TC Chetty, RICS Country Manager for South Africa
Bringing together leading property practitioners, investors and academic experts from around the world and across the continent, the Royal Institution of Chartered Surveyors (RICS) has selected Africa, and more specifically South Africa, as the venue to hold its 2015 Summit. To be held in Johannesburg on 25 March, 2015 this is only the fourth time RICS has held the global summit outside the UK – after China, India and Brazil.
RICS is a global professional body that promotes and enforces the highest qualifications and standards in the areas of land, real estate, construction and infrastructure. As a public benefit organisation, it operates in all the world’s major financial hubs in delivering international standards and policy influence.
As a leader in these sectors, RICS Africa 2015 Summit will engage role players from across Africa’s built environment to launch a discussion on vital aspects of Africa’s economic growth and future success.
Commenting on the forthcoming conference, TC Chetty, RICS Country Manager for South Africa, says Africa’s built environment is undergoing unprecedented change, with rapid urbanisation and populations in key cities projected to grow some 60 percent above 2010 levels. “Developments such as these bring increased opportunities not only for the commercial and residential property sectors, but also for professionals working throughout Africa. Our Africa Summit will provide a platform for debate and discussion on important aspects of the continent’s property growth.”
Forecasts by the International Monetary Fund reflect that GDP (gross domestic product) growth rates for some African countries are expected to exceed those of their developed counterparts. Indications are that Ethiopia, Ghana, Mozambique, Nigeria, Tanzania and Zambia anticipate growth rates of between five and seven percent.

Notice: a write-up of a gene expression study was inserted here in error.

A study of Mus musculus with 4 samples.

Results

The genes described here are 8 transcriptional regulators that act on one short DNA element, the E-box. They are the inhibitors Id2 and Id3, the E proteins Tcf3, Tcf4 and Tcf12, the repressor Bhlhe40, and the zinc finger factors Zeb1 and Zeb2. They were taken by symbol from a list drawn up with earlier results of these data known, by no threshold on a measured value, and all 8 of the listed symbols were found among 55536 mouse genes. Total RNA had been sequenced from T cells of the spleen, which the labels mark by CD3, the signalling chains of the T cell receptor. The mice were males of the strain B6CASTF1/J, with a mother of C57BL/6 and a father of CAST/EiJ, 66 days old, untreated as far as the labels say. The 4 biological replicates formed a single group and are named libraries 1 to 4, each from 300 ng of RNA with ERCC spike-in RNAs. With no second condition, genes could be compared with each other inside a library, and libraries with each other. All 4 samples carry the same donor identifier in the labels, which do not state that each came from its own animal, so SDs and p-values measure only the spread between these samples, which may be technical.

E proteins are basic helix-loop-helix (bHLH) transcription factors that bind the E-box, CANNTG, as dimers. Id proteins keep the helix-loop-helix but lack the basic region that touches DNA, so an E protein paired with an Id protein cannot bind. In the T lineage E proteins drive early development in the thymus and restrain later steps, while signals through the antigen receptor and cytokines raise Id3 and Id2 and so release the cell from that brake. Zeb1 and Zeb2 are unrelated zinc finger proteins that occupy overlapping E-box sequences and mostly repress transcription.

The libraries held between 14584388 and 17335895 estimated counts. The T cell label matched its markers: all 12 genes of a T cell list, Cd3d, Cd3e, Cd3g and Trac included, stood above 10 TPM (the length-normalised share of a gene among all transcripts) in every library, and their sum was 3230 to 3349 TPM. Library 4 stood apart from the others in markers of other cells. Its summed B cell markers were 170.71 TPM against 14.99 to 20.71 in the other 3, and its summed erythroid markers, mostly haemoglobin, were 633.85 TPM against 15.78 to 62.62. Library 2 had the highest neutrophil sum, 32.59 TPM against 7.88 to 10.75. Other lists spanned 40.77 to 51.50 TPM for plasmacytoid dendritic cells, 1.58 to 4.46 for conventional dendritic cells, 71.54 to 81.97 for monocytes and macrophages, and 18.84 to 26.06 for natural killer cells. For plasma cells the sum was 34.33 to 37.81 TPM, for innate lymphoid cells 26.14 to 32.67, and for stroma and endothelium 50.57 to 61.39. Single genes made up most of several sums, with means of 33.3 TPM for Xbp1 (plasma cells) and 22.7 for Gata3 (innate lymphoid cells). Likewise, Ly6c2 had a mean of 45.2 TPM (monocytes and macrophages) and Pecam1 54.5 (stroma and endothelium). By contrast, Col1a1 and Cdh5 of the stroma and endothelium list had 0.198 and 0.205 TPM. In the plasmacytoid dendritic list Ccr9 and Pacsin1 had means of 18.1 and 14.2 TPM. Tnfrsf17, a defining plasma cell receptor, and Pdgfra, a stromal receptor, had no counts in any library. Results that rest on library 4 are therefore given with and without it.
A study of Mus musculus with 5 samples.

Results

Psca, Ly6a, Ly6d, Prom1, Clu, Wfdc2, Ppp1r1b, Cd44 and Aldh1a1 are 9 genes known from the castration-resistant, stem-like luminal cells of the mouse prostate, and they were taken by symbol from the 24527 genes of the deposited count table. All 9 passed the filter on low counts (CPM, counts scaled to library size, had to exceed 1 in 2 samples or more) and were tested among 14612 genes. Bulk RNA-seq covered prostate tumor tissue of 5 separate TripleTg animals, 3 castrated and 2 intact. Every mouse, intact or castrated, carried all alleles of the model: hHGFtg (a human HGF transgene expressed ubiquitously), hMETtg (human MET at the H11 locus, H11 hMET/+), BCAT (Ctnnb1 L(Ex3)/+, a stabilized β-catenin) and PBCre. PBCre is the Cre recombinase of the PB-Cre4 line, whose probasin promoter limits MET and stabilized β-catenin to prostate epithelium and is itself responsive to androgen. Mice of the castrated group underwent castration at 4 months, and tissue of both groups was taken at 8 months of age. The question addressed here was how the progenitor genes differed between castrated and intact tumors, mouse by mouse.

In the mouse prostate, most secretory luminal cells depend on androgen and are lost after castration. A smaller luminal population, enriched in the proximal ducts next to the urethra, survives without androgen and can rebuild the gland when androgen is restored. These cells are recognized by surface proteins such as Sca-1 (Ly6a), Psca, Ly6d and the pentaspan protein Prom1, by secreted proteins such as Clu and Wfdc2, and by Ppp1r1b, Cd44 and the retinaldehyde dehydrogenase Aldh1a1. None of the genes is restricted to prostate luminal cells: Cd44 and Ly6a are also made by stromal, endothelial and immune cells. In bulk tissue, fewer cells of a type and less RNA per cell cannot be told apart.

According to Ernst & Young’s report ‘Africa by numbers 2013-14’, African countries have experienced consistent and robust growth for over a decade, with the size of the continent’s overall economy more than trebling since 2002 and with the size of the Sub-Saharan economy growing well over three-and-half-times. This is despite the fact that half of the past decade has been marked by a deeply troubled economy. The report reiterates the exciting opportunities for investment and growth in Africa, with Ernst & Young’s 2013 ‘Africa attractiveness’ report noting that foreign direct investment (FDI) projects into sub-Saharan grew at a compound rate of 22.3 percent between 2007 and 2012.
Says Chetty: “Sub-Saharan Africa presents a huge area of opportunity where real estate and infrastructure investment needs to grow phenomenally to meet massive population needs. In many of the continent’s capital cities, improved levels of FDI and a growing middle class has led to notably increased demand for residential, business and retail property.
“Growth in property markets across Africa will not just fuel a need for massive infrastructure investment but will also see a need for more professionals, skills and capacity to manage this growth. Naturally, while this presents a host of opportunities, it also presents a number of challenges for various markets across the continent – particularly in the property sector.
“While RICS has had a presence in South Africa for some years, we are now in the process of expanding our operations, initially focusing on three key regional markets in Sub-Saharan Africa, namely South Africa, Kenya and Ghana. The rationale is that South Africa is a strategic gateway for RICS’ growing its activities in Africa; Kenya is rapidly becoming a strategic location for organisations wanting to establish a regional base in East Africa, while Ghana is our choice for a regional hub in West Africa.
“Due to the diversity of Africa’s markets, needs and challenges, ours is a strategic approach of co-operation and building partnerships with national bodies and stakeholders. As a public benefit, professional body with global reach we are ideally placed to bring together stakeholders from around the world to share experiences and expertise, and to collaborate and learn. The Summit will also highlight the role development professionals can play in key African markets as the built environment evolves and expands.”
Concludes Chetty: “There is no doubt that Africa would benefit enormously from a larger pool of built environment professionals. For example, if across Africa, measurement standards can be implemented in conjunction with ethical standards – and effectively and independently regulated, we believe we can help create market conditions in which investors, clients and the public as a whole have high confidence, and in which growth is sustainable. Our experience is that genuine collaboration between professional bodies from across all areas of the built environment and between national and international entities promises to bring significant economic dividends, which ultimately benefit society as a whole.”